Obama shows that he's got soul with the release of presidential summer playlist
He's serenaded a church in Charleston with a rendition of Amazing Grace, and belted out Sweet Home Chicago alongside BB King.
Yet away from the political spotlight, President Barack Obama has chosen a somewhat more soothing selection of music with which to spend his summer.
The White House has released a playlist on music-streaming website Spotify of the president's favourite holiday songs.
The 40 chosen songs on the "President's Summer Playlist" will presumably comprise the soundtrack to Obama's two-week vacation in Martha's Vineyard.
According to the White House's official Spotify account, each track was "hand-picked" by Obama and made "due to popular request".
The two lists - one for day and one for night - show a particular affection for classic soul, with tracks from Al Green, Nina Simone, Stevie Wonder and Aretha Franklin, the last of whom famously sang My Country 'Tis Of Thee at Mr Obama's inauguration in 2009. On the other end of the scale, the president has chosen a track by Low Cut Connie, a Philadelphia band which has never troubled the charts.
Adam Weiner, the band's lead singer, said he was "shocked and humbled and confused" by their inclusion: "I thought it was a joke at first, but then I remembered that Obama has incredibly great taste and that he has always championed the little guy."
Mr Obama has often spoken of his love for jazz, and the genre is represented here by Miles Davis, John Coltrane and Billie Holiday. The president shows off his musical chops by picking lesser-known songs by famous artists - he chooses Joni Mitchell's Help Me, an album track from 1974 and Bob Dylan's Tombstone Blues - but also includes familiar radio staples such as The Rolling Stones' Gimme Shelter and Frank Sinatra's The Best Is Yet To Come.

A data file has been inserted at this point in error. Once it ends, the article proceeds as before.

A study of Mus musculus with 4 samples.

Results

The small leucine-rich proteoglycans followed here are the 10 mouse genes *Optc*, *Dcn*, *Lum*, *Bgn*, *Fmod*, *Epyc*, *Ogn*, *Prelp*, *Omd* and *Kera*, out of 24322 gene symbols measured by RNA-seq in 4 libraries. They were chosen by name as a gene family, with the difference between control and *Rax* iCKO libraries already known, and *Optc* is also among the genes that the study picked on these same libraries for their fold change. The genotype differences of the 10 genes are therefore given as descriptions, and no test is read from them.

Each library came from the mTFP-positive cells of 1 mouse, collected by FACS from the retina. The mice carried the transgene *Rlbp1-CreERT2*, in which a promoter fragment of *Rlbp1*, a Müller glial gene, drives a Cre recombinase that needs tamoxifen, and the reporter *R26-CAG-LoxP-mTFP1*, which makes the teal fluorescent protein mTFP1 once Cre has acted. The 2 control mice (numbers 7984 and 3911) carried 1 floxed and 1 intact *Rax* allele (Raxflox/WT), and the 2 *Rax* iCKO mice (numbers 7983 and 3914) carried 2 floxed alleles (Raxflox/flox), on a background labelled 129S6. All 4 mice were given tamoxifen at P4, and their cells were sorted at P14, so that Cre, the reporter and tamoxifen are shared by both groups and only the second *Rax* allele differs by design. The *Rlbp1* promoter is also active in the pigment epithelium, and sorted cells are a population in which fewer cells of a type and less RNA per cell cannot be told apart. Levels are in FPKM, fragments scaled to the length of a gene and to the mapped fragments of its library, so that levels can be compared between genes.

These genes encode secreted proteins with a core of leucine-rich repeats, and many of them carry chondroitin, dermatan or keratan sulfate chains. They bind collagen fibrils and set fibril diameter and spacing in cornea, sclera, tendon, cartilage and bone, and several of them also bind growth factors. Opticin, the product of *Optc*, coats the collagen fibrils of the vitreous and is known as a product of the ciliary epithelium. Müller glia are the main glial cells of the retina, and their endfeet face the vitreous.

Taylor Swift may currently be the most popular US star across the world, but as the singer removed her music from Spotify's streaming service at the end of last year following a payment dispute, she does not make an appearance. Obama's taste in country music is a little more alternative, taking in the likes of the Texas band Okkervil River and singer-songwriter Brandi Carlile.
There may be a nod to the States' huge Spanish-speaking population in the president's choice of Columbian salsa band Sonora Carruseles. In the 2012 election, Obama won 71pc of the Hispanic vote to Mitt Romney's 27pc.
The playlist also shows the president has not forgotten the special relationship with the UK: his playlists include music by British acts including Coldplay, Lianne La Havas and Florence + The Machine.
Van Morrison is the only Irish artist to feature with Moondance.
Obama has never been shy in sharing his taste in music. In contrast to the ill-fated attempts of British politicians to curry favour with voters with references to the Arctic Monkeys and The Smiths (whose lead singer Morrissey said David Cameron was "forbidden" to be their fan in 2010), Obama has had striking success with the musical community. What message that sends to Irish politicians, we cannot know.
Obama's 2008 election campaign was bolstered by support from rappers including Will.i.am, more recently known as a judge on BBC One's talent show The Voice UK, who recorded a song called Yes We Can for him.
Obama said at the time that, alongside American rock from Dylan and Bruce Springsteen and Sheryl Crow, he had a lot of rap on his iPod. In his new playlists he finds a place for tracks by socially conscious rappers such as Talib Kweli and Mos Def, having previously criticised the "misogyny and materialism" of more commercial rap music.
Obama's choice of platform for his playlists also indicates his technological savvy: Spotify is a Swedish company which launched in 2008 and has expanded rapidly around the world since then, reaching the UK in 2009 and the US in 2011.